Planning a visit to Canada? Your visit will be better if you know before you go.
1. Country size, weather, language, and measuring system
Canada is a very large country: 6,521 kilometers (4,025 miles) across, encompassing 10 provinces and three territories. If you’re only in the country for a week, don’t try to see all of it! Look at a map and target one or two provinces, saving the rest for another trip.
Know that the weather will be cold in the winter and maybe cold in the summer. On the prairies, winter temps can get down to -30 degrees Celsius. Take layering clothes, woolen hats, gloves, a scarf, and thermal underwear.
English and French are Canada’s two official languages. Quebecers predominantly speak French. You’ll hear more English the farther you go from the province of Quebec.
Visitors to Canada will hear reports and see signs in both Celsius and Fahrenheit, although the official system is metric.
2. Alcohol, marijuana, and guns
Recreational marijuana was legalized in Canada in October 2018. The minimum age for using is 19, except in the provinces of Alberta and Quebec, where the age is 18. It can be grown at home for personal use in all provinces except Quebec, and in Manitoba with a medical license. In most provinces and territories, people driving with marijuana must have it sealed and kept in a place that passengers can’t reach while traveling.
Drinking in Canada is legal at age 18 in Alberta, Manitoba, and Quebec. In all other provinces and territories, the legal drinking age is 19. You will find recognized wine regions in Ontario and British Columbia. The ready availability of alcohol varies by area of the country.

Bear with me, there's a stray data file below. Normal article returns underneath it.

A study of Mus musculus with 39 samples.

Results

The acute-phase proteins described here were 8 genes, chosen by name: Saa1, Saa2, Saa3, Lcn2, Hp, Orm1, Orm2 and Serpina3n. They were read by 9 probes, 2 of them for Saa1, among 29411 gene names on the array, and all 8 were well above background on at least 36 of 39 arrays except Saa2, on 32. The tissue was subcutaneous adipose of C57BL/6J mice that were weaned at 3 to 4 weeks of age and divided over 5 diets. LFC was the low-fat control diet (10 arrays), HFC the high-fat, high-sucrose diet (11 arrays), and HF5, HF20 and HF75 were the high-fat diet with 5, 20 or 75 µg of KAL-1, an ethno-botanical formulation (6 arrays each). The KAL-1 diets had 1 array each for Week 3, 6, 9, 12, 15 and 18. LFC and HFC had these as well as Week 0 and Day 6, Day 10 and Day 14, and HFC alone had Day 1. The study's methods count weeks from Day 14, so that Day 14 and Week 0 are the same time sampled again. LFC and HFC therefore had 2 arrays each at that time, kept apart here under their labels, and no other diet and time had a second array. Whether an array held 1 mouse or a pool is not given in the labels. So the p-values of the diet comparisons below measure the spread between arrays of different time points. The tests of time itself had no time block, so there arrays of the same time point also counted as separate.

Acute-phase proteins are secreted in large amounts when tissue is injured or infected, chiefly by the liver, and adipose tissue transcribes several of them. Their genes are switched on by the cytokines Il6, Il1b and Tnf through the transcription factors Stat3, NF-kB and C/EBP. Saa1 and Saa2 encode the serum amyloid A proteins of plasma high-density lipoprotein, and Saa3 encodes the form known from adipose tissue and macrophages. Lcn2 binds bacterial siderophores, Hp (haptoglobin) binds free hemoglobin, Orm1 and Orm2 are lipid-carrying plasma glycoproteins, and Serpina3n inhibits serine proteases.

A license is required to own a gun in Canada. To get a license, a person must be at least 18, submit to a background check and complete safety training. Canadian gun law divides guns into categories: prohibited, restricted, and non-restricted. The last category includes regular rifles and shotguns.
3. Entry requirements
For decades, citizens of many countries, including the United States, have been able to enter Canada freely without visas. However, a significant change to this policy occurred on March 15, 2016. On this date, it became mandatory that travelers who were formerly visa-exempt now obtain an Electronic Travel Authorization (a Canada eTA).
It is important to be aware of this change. Without a Canada eTA, travelers in other countries will not be allowed on a flight to Canada.
An electronic Travel Authorization does not guarantee admission to the country. Travelers must also be able to convince an immigration officer in Canada of their intent to leave Canada and return home. Evidence of motivation to return home includes such things as the traveler having gainful employment back home and financial obligations (i.e. owning property).
In addition, travelers must demonstrate to immigration officers that they have enough money to stay in Canada for the duration of their trip and either a return ticket or funds for a return ticket.
Obviously, it is not as easy to get into Canada as it used to be. Remember the electronic Travel Authorization requirement!